I'm afraid that there's no 'good' answer here. There are many ways to achieve a certain effect, but they are dependent on the context.
Floated containers differ from the ones that are positioned absolutely. An absolutely positioned container is 'taken out of the layout' - that means e.g. that if you have 2 divs in a parent div and you set position absolute on one, the other one is going to fill the whole parent and the absolutely positioned one is going to be 'on top' of it (provided it has a width & height set, has a higher z-index or is placed last in DOM, but that's another story). If in the same situation you float one of the divs (and it has width set), the other one will 'stick' to it, but again, it (the second div) has to fulfill some criteria (e.g. if it has width set to 100% or 'clear' property set to both or left/right, it will not stick to the other one)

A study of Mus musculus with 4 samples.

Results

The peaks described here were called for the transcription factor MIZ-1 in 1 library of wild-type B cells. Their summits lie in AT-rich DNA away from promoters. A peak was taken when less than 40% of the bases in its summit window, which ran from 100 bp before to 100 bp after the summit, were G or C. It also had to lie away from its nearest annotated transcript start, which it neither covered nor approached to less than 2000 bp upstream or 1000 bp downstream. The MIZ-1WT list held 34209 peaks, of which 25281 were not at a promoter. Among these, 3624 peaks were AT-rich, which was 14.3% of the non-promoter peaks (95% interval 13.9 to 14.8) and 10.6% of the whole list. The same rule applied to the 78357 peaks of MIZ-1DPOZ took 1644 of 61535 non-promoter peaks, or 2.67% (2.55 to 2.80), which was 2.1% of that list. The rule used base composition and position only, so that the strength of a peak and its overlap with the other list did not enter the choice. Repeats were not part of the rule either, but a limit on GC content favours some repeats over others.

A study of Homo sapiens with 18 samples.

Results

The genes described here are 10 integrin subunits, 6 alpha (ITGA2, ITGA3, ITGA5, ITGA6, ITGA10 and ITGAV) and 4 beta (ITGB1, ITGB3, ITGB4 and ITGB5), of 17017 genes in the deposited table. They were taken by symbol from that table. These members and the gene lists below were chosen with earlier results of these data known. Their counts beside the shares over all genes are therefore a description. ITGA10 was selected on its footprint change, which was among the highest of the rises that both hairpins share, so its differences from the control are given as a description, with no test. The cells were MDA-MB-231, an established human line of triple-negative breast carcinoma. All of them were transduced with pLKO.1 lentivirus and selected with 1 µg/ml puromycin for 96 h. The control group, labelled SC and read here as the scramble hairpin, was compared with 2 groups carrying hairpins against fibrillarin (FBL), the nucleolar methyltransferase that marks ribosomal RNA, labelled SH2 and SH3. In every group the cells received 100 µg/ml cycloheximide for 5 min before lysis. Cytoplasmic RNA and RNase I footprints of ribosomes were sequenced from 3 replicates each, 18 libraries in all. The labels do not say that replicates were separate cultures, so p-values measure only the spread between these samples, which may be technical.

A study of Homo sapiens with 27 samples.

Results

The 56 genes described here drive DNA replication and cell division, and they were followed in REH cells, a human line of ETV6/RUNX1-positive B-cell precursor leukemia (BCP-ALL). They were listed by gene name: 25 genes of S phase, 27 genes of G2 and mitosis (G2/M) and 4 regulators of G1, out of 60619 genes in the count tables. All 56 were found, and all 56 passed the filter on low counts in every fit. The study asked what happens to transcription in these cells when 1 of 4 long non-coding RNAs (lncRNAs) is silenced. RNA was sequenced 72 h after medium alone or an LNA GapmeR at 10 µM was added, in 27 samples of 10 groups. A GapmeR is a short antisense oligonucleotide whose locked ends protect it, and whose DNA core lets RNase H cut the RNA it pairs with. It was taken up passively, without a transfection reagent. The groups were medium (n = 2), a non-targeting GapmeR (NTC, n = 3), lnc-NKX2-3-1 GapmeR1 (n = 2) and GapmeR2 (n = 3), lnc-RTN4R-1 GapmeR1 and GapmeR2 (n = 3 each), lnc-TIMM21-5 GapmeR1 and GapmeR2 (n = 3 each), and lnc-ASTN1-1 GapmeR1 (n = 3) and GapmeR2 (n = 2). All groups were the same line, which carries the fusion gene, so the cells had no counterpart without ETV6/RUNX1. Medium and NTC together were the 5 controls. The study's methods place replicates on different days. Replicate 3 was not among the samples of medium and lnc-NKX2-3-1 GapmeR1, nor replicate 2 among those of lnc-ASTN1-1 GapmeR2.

As for width - if an element is a block element or it has display:block set, width: 100% will expand it to be as wide as the closest ancestor that has position:relative or position:absolute set (this might be a little tricky), whereas width:100% on inline elements will not do anything.
width:100% will probably not work as you expect if you have padding set on the element (element will be to wide).
width:auto behaves differently on floated an non floated, block elements...
There are just too many variations. The same solution works in some cases, but doesn't work in others. It's rarely possible to say 'this is just going to work' if you don't look at what's happening to the rest of the page.